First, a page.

Why Diversity and Inclusion are Critical to Your Organization’s Success
Organizations that actively promote and attain diversity and inclusion in the workplace are simultaneously creating brand value that reflects the values of the community, employees, potential hires, and customers. And let’s not forget about shareholders who are quite aware of the copious research that shows the financial value that diversity and inclusion creates.
- Mckinsey & Company: “Racially and ethnically diverse companies are 35% more likely to outperform their competitors, and those with gender diversity are 15% more likely to outperform their competitors.” 2015 Report Why Diversity Matters (opens in a new window)
- Deloitte: “Companies with solid DE&I cultures are twice as likely to meet or exceed financial targets as those without, three times as likely to be high-performing, six times more likely to be innovative and agile, and eight times more likely to achieve better business outcomes.” Repairing the pipeline: Perspectives on diversity and inclusion in IT (opens in a new window)
- Harvard Business Review: “The case for establishing a truly diverse workforce, at all organizational levels, grows more compelling each year….The financial impact—as proven by multiple studies—makes this a no-brainer.” Getting Serious About Diversity: Enough Already with the Business Case (opens in a new window)
Diversity and Inclusion Creates Engaged Employees
Having diverse talent is essential to building a good company. When employees feel valued and have a sense of belonging, they are much more likely to be engaged at work and with the organization’s goals and visions. Engaged employees are the ones who are willing to go the extra mile for the team, the project, and the company. At companies where there is a high level of employee engagement, there is typically improved team collaboration, enhanced innovation, higher employee satisfaction, and lower turnover. Conversely, at companies when employee engagement is low, there tends to be higher turnover, poor team collaboration and low scores for customer service.
How Do Small Businesses Stand to Gain from Diversity and Inclusion
Businesses, large or small, that have a diverse base of employees are better equipped to serve a diverse customers base. A diverse base of employees provides a broader knowledge of demographics to draw upon during decision making, which results in enhanced creative thinking and decision making.
Most importantly, don’t get left behind. Your competitors are likely advancing with diversity and inclusion initiatives, and they are reaping the benefits. Glassdoor (opens in a new window) reported in July of 2021 that “more than 3 out of 4 job seekers and employees (76%) report that a diverse workforce is an important factor when evaluating companies and job offers.” The report further states, “Nearly a third of employees and job seekers (32%) would not apply to a job at a company where there is a lack of diversity among its workforce. This figure is significantly higher for Black (41%) job seekers and employees when compared to white (30%) job seekers and employees and is also higher among LGBTQ (41%) job seekers and employees when compared to non-LGBTQ (32%) job seekers and employees.” The bottom line is that if your business is lacking in diversity, it will likely face more obstacles to achieving its greatest potential success.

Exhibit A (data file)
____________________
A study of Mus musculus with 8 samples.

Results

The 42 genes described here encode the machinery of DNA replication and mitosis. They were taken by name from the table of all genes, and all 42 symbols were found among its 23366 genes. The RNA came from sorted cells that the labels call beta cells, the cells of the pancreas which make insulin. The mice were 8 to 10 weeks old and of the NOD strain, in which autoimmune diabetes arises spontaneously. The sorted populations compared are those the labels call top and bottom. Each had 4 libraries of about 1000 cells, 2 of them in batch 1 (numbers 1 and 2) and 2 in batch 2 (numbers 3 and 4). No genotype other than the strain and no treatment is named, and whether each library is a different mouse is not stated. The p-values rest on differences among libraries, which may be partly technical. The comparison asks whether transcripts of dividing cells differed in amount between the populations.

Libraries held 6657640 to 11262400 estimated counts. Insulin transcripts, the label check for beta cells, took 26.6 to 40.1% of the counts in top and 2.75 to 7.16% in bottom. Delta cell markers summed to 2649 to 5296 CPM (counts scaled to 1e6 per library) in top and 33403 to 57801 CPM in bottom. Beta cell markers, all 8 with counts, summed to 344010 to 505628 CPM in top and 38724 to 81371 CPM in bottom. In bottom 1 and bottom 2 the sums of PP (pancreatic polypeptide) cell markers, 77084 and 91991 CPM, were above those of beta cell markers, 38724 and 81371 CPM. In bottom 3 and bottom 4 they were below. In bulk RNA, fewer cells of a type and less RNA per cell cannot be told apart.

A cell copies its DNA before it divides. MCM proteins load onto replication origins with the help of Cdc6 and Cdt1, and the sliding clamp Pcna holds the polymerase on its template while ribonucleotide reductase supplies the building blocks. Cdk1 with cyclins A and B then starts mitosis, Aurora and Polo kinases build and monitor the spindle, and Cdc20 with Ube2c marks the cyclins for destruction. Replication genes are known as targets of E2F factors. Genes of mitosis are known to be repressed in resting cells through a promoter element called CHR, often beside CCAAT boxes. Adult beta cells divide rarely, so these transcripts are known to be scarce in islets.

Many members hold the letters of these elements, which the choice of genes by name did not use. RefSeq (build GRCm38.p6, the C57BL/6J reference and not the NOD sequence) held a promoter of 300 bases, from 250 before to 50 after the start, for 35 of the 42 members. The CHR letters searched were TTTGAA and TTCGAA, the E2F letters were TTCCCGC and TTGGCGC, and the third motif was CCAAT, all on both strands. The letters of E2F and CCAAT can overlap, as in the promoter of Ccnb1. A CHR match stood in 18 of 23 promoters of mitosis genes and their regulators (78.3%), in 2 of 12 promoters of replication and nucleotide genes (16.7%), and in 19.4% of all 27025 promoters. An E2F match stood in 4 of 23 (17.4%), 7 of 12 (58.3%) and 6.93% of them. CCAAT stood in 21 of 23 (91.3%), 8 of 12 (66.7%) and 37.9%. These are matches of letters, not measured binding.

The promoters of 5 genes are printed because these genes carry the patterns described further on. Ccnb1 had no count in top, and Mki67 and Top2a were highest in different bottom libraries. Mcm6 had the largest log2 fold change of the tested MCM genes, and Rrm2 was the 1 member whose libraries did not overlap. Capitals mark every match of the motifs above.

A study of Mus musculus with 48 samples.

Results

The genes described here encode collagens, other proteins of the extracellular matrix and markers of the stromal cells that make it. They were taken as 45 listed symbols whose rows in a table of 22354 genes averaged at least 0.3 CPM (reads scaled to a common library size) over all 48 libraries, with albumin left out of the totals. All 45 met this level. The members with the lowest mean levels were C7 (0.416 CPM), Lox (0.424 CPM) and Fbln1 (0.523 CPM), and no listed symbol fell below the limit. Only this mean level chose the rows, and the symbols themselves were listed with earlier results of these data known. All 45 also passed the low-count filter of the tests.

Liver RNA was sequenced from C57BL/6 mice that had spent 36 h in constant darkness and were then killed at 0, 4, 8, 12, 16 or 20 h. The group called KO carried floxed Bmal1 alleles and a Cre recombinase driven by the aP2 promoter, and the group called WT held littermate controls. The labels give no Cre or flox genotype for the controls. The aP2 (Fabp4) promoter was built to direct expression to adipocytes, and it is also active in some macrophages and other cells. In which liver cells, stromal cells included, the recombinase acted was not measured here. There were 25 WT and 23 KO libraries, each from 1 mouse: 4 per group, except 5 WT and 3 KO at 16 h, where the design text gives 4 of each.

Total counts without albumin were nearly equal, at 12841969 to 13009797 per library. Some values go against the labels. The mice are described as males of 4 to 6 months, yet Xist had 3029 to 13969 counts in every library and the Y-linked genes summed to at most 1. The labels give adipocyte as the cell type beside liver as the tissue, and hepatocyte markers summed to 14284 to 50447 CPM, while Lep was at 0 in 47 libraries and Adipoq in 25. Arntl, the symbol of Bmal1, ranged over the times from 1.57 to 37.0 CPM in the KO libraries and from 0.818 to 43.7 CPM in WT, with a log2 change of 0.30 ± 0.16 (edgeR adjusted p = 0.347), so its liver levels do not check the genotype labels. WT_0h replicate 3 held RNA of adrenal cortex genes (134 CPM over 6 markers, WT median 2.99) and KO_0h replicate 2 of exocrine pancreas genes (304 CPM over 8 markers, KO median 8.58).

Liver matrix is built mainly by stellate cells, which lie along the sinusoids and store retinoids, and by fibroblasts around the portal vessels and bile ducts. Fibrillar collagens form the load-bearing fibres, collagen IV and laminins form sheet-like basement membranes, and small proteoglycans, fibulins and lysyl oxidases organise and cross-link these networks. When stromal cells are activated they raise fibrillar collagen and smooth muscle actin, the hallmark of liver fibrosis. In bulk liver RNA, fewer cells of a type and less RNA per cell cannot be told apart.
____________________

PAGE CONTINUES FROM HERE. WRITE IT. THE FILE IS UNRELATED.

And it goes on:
How Can a Small Business Get Started?
- Review and reassess your mission and vision statements. How do these statements reflect what your business is doing now and where you want your business to be in terms of DEI-related values? This will help to define what diversity and inclusion means for your company. Remember: Demonstrating a commitment to DEI helps attract diverse job candidates and expands the pool from which you can hire.
- Evaluate your team’s demographics, identify where the gaps are. Be transparent — let your employees know what you are planning to do to improve things.
- Consider contracting with an external DEI expert to help set goals and objectives.
- When hiring, redefine what the “best candidate” looks like. The notion of who is best is often influenced by unconscious bias.
- Remove biased language from job descriptions.
- Communicate to employees that DEI is part of everyone’s job description. Define how all employees can play a role in developing a culture of inclusion and tell them why it is important to the business.
- Track how employees with diverse backgrounds are being offered promotions, training opportunities, and pathways for career advancement.
- Consider skills-based hiring rather than traditional degree and education requirements, which often exclude candidates from lower economic brackets. Instead, focus on the hard and soft skills needed to perform the job. Skills-based hiring opens up the candidate pool to a more diverse set of candidates who are capable of meeting your job requirements. Having employees from diverse backgrounds gives your organization the advantage of being able to leverage broader and more unique points of view that will allow you to better mee the needs of your customers.